Head Swap

-- Tarmak --

Stijn Daneels

Album genres:
progressive rock
Album artists:
Sander Guitars, vocals
Geert Bass
Simon Drums, watering can

Review written by Stijn “Metal Shredder” Daneels.


I was recently personally contacted by the young progressive post-metal act Tarmak and they offered me to check out their debut EP “Plow.” And after having enjoyed such great Belgian post acts like Turpentine Valley & Psychonaut in the recent past I’ve had yet another band willing to satisfy my ever growing post-metal appetite. Let’s get shredding!


“Plow” is the debut EP from the Ghent-based progressive post-metal trio Tarmak, who began jamming together in 2014 and after a few years of rehearsing and live shows, the band has put some of their work on record. “Plow” is 4-track EP released independently. It begins with “Krater,” a sweet track with juicy guitar riffs, crunchy bass lines & a short intermission of howling vocals (the only song on the EP to feature singing). The next tune, “Petanque,” goes for faster beats and more aggressive solos with occasional breaks. “Krampus” continues this heavy trend with a mixture of groovy & melodic beats and primal drum gallops. This short EP wraps up with “Toton,” a swinging tune that reminds me of classic rock n’ roll but with more post and progressive influences, obviously.

Tarmak’s style of progressive post-metal isn’t original, but it’s certainly effective and well-produced. Their material features a ton of bass combined with lengthy operatic guitar solos, often played side-by-side with occasional meditative slowdowns. The EP’s 26-minute runtime may seem quite long, but Tarmak manages to keep a tight and engaging pace while ticking off all the necessary post-music boxes. Nothing more, but definitely nothing less!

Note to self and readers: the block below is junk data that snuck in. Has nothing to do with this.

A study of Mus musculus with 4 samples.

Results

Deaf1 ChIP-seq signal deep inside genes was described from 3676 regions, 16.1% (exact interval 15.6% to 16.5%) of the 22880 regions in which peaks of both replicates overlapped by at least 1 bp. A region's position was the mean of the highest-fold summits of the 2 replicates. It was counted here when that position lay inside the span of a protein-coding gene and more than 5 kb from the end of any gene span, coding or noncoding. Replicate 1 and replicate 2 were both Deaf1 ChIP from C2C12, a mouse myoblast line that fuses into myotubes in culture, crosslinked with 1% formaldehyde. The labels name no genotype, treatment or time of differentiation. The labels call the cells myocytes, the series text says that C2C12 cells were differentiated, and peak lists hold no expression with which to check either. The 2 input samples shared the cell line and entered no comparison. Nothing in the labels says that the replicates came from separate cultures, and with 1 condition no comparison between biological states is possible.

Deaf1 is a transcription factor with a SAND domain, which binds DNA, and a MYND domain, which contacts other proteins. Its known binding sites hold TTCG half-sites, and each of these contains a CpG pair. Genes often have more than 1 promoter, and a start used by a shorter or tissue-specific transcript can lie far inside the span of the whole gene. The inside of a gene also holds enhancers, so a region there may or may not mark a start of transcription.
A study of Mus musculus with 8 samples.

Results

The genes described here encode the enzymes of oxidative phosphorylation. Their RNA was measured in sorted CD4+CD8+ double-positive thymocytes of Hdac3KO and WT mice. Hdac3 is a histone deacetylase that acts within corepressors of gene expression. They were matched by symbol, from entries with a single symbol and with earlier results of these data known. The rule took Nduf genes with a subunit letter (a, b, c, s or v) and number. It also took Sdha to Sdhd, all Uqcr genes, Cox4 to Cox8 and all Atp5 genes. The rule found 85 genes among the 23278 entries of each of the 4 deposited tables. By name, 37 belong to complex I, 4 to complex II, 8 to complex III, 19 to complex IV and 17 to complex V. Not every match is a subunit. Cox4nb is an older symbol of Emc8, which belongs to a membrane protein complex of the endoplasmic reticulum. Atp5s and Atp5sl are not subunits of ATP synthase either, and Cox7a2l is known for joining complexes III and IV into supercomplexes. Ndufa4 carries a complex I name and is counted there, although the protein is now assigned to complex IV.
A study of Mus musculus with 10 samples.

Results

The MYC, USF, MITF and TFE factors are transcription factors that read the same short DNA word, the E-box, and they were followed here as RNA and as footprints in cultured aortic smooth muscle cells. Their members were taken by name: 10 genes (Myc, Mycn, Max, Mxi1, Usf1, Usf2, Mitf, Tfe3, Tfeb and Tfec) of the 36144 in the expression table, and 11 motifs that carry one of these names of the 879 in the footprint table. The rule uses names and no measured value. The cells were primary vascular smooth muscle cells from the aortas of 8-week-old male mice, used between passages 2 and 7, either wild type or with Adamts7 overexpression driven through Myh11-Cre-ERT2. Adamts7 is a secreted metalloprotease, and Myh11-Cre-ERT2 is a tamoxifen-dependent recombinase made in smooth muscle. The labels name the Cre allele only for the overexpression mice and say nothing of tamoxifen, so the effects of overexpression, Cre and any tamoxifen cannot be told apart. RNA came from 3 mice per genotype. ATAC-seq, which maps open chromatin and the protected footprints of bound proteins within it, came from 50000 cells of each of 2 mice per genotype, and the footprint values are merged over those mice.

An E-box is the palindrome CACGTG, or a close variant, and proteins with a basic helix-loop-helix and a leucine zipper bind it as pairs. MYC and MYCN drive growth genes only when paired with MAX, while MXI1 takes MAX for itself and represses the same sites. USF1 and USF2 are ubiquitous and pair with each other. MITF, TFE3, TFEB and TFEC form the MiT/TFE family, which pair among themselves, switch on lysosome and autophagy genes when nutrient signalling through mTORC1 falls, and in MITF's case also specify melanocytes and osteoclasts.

The EP’s cover art features a hand drawn image of an aristocratic guy with an ostrich head riding an ostrich with an aristocratic guy’s head. It’s a simple, yet profound image of how mankind has captured and domesticated animals ever since time immemorial and it asks the question whether we would be enjoying that exact same fate if the roles were switched around. So instead of man riding beast it’s beast riding man.


I’m a big fan of the “Krampus” track, because of its beautiful tandem of heavy bass with melodic guitar. Atmospheric, multi-layered songs like that are a big reason why I’ve begun digging into post-metal in the past couple of years. Plus the song’s 8-minute runtime feels much shorter than it seems on paper! And lengthy songs that keep me hooked for so many minutes certainly deserve my praise!

Each of the 4 songs are shining examples of Tarmak musical potential and there isn’t anything truly weak about this release. I do wish the release were a track or 2 longer and maybe featured some more vocal interludes, not too many of course, but I did feel that the brief howls in “Krater” were quite solid. Maybe they should give that Mongolian throat signing a legit try just as they had originally intended (at least, that’s what they, probably jokingly, say on their Facebook page). But in all seriousness, it might be more effective than we expect and may give Tarmak a truly unique feel compared to other Belgian post-metal acts like AmenRa, Psychonaut & Turpentine Valley.


7,5 ostrich people out of 10. While Tarmak doesn’t offer much new under the post-metal sun, their “Plow” debut EP does offer an enjoyable 4-track snack that I don’t mind recommending to all post-metal lovers out there. Here’s “Krampus.”